Mr. Smallberg is a consultant in computer science, specializing in software systems and programming, and a Lecturer in the Computer Science Department at the University of California , Los Angeles . He obtained an M.S. degree in Computer Science at the University of California , Los Angeles (UCLA), and a B.S. degree in Mathematics at the California Institute of Technology, where he graduated with honors.
His major areas of expertise include software design, implementation, and testing in major programming languages in both Unix and Windows environments, and various applications and Internet and communications environments. He has developed and taught introductory and advanced courses in C++, C, Windows SDK, Visual Basic, Pascal, introductions to UNIX for both programmers and non-programmers, C/UNIX system interface, advanced UNIX programming tools, operating systems, compiler construction, Bourne and Korn shell programming, assembly language programming, and software internationalization. He has assisted various clients with the design and implementation of software tools and systems. He has conducted software comparisons in copyright and intellectual property litigation cases, and developed software tools for software similarity detection.
He has been a consultant since 1983. He was a Teaching Fellow at UCLA from 1976-1985 and resumed teaching various courses as a Lecturer in 2001. He was Programmer at the California Institute of Technology in 1973-75 where he designed and implemented student database management programs and controlled computer-assisted course scheduling.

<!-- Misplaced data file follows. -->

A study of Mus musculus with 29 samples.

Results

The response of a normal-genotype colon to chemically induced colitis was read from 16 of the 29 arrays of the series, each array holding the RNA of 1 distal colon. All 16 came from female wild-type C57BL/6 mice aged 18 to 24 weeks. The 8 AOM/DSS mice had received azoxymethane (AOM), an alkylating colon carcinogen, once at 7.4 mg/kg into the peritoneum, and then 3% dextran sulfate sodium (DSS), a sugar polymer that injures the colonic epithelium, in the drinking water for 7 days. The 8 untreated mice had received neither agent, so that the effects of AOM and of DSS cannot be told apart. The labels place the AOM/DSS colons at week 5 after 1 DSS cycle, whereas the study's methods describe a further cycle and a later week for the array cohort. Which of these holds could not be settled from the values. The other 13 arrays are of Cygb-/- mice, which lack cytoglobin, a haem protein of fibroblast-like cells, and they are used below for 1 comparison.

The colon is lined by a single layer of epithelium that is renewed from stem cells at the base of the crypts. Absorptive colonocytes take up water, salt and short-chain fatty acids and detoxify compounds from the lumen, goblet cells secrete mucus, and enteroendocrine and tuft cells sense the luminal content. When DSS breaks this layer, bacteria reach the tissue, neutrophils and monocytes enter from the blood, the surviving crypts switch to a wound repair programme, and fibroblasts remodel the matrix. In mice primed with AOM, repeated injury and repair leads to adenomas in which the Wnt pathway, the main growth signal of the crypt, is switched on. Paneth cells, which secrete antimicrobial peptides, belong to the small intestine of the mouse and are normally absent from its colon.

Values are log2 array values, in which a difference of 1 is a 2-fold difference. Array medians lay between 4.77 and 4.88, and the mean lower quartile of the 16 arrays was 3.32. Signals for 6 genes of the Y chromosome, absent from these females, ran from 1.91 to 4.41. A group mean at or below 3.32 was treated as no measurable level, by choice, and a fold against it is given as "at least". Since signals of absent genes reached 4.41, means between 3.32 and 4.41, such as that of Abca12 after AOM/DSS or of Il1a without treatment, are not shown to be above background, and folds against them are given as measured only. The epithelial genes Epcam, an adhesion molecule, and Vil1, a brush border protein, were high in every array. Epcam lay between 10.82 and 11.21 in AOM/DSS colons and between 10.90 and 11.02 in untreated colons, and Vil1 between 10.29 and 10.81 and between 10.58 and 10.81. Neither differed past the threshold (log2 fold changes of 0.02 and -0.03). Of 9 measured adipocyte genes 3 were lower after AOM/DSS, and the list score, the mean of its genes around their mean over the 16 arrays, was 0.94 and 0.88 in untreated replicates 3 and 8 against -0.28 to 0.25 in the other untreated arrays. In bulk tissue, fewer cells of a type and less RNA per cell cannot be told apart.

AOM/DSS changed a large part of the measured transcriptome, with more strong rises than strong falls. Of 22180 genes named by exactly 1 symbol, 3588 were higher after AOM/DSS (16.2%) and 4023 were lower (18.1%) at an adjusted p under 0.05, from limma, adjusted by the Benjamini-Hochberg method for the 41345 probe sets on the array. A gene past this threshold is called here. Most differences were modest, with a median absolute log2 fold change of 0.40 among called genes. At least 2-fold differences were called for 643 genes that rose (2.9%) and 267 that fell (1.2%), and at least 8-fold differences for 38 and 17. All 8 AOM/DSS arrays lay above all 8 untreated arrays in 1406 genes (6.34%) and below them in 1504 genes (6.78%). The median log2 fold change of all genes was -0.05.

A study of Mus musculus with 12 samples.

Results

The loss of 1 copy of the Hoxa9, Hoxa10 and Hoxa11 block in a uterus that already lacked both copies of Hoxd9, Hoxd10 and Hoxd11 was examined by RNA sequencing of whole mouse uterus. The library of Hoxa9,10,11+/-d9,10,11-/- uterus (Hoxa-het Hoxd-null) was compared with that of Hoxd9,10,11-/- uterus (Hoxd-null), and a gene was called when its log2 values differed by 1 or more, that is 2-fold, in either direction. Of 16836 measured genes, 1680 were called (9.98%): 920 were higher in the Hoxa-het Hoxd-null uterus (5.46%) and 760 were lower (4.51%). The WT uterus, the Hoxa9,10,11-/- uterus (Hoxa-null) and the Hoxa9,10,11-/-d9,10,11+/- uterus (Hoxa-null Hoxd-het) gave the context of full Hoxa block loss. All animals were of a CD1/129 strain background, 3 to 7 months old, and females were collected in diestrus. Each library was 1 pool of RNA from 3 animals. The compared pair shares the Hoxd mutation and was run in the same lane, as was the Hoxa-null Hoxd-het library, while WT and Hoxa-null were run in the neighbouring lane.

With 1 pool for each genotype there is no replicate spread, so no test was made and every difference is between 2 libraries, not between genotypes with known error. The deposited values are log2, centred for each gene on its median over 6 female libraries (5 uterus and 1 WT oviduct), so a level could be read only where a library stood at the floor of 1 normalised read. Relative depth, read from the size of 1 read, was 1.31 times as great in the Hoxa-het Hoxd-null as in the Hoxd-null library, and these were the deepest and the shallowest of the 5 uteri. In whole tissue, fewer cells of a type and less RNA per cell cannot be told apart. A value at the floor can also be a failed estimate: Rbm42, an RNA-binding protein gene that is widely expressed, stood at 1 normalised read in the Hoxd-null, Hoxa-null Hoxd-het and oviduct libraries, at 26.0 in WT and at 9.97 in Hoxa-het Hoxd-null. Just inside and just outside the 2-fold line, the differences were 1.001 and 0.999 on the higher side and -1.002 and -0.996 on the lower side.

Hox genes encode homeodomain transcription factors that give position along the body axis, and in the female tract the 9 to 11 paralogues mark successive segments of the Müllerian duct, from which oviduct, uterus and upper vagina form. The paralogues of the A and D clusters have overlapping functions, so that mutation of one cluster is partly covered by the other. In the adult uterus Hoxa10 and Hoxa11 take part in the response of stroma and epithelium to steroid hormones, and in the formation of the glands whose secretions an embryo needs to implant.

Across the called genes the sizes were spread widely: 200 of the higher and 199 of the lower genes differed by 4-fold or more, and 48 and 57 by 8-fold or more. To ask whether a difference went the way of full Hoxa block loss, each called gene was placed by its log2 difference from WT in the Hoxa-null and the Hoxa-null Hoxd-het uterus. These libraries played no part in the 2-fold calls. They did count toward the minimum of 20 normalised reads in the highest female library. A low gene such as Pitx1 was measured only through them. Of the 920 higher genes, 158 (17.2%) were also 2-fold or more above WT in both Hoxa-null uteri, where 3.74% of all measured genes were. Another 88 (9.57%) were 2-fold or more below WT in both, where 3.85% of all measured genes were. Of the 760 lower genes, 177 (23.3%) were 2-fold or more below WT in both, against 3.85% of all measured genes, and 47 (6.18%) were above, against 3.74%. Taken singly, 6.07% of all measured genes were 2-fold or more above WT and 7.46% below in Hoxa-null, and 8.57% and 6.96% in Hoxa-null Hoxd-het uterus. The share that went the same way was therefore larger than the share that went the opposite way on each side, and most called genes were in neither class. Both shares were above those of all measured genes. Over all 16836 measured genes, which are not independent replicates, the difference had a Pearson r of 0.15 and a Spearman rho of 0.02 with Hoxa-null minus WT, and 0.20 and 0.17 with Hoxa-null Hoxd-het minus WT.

Clients have included Microsoft, IBM, Xerox, Hewlett-Packard, Sun Microsystems, Tandem, Data General, Qualcomm, Vodaphone, Telcordia, Rockwell Automation, Lexis-Nexis, Barclays Capital, NASDAQ, General Motors, TRW, Mitre, NCR, Hyperion, Intrusion.com, Air Products and Chemicals, Caltech, the Internal Revenue Service, Citicorp TTI, Investor Technology Group, and United Parcel Service.
He co-authored the internationalization text Creating Worldwide Software, Prentice Hall, 1997, and Programming a Floating-Point Signal Processor, Pascal Research Institute, 1985. He captained and coached programming teams that placed second, second, fifth, and seventh internationally at four ACM Programming Competitions, and coached programming teams that placed first, seventh, eighth, and eighth internationally at four ACM Programming Competitions. He received a Xerox Excellence Award, 1992; a UCLA campus-wide award for outstanding teaching, 1986; and a UCLA Computer Science Department Distinguished Service Award, 1985.